Traditional Aboriginal Spirituality Within the Prison System

Year Published:  1983
Resource Type:  Article
Cx Number:  CX2840

This article raises the issue of freedom of religion being denied to prison inmates who are not Christian origin, especially Natives. This denial led to a series of fasts by Native prisoners recently at Kent Penitentiary in British Columbia; they were protesting the denial to them of the essential rites of the Native spiritual ways. As a result of the action, severe and brutal punishment was handed out to one of the men, who was moved first to Millhaven and then to the special handling unit at Laval for "behavioural modificaiton."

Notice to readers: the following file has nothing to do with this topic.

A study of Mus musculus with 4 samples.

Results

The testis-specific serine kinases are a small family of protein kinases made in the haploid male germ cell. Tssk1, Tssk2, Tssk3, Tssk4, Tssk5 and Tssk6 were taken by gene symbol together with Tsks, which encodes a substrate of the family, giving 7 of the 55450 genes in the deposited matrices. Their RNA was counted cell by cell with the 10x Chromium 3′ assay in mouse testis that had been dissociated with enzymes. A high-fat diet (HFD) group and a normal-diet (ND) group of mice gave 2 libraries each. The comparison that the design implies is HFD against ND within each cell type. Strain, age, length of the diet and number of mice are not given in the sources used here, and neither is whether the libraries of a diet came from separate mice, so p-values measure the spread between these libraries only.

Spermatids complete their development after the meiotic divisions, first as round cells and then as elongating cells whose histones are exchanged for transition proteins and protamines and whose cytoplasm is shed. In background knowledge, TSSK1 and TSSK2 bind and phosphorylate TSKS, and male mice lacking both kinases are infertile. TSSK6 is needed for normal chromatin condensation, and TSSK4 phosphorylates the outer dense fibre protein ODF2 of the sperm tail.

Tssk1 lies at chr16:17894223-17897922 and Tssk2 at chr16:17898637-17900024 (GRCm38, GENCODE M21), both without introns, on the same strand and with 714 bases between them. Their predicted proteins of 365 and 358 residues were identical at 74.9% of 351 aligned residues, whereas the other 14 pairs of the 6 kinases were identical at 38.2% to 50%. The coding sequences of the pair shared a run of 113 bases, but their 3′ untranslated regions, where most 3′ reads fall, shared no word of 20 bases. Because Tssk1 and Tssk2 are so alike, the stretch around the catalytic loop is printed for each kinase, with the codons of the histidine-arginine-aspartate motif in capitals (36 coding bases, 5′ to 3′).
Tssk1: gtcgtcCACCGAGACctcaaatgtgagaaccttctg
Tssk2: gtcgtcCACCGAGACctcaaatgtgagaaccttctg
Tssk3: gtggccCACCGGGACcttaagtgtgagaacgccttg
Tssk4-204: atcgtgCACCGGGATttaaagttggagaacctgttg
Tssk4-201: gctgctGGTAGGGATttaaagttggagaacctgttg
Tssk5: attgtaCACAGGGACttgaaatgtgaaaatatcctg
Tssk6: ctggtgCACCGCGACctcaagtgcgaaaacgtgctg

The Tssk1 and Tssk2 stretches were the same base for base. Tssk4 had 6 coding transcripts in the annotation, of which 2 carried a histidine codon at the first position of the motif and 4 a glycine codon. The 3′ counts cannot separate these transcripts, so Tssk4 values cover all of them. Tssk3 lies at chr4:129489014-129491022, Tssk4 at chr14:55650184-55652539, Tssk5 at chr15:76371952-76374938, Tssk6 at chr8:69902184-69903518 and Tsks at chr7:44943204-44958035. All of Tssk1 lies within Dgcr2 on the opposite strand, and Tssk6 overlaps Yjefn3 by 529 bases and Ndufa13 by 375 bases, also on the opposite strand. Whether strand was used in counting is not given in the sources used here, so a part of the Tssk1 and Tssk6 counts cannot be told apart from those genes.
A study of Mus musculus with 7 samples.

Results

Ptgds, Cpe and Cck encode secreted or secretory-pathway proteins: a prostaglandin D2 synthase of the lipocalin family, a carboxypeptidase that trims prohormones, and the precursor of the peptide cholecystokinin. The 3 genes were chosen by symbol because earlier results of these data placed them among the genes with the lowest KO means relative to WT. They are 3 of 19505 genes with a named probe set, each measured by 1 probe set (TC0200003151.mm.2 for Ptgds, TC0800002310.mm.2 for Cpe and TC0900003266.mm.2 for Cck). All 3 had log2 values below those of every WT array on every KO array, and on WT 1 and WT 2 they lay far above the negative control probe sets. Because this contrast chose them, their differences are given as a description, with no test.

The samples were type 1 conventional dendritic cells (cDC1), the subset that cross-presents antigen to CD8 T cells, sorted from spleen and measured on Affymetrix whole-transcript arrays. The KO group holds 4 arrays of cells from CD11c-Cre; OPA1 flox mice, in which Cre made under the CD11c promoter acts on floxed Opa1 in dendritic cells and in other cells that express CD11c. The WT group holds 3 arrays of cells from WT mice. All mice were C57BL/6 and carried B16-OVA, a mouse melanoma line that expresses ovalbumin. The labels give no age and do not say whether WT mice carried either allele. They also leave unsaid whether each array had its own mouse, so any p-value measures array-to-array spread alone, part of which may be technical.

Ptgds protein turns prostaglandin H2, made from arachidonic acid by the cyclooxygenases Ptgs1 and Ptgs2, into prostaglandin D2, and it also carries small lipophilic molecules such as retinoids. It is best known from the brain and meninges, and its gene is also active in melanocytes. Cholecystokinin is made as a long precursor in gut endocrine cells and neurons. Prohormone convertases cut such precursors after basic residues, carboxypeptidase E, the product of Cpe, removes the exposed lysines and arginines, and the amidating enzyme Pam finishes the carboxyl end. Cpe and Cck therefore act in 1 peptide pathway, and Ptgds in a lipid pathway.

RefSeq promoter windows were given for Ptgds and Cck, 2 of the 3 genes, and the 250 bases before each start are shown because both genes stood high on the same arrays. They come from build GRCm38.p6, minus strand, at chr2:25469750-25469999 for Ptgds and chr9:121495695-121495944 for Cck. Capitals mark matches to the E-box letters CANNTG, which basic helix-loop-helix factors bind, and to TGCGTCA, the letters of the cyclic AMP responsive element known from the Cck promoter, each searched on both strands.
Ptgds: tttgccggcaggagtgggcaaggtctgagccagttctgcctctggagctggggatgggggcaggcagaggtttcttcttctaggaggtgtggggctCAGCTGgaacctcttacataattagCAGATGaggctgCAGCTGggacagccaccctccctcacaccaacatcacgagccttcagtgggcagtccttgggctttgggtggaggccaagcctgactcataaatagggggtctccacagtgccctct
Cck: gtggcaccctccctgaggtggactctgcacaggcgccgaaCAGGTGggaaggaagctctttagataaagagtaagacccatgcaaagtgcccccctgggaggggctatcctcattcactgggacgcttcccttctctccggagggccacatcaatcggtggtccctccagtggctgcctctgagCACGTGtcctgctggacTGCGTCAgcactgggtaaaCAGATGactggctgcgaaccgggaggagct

The article points out that the World Council of Churches has recongnized the native spiritual ways as one of th great religious traditions of the world, and has urged listening to its teachings. The article explains the significance of the essential ceremonies such as the pipe ceremony, the burning of sweetgrass, sage, and tobacco, prayer, fasting, and drum beating. It suggests that these ceremonies could be accommodated by the prisons without endangering security, and it urges that the Native elders who help perform these ceremonies receive funding assistance in the same way that chaplains of other faiths do.

Not all prisons deny all ceremonies, but what is needed, according to the article, "is the general understanding that prisoners have the right to practice their religion in any prison or jail, and that this right includes the native spriitual way.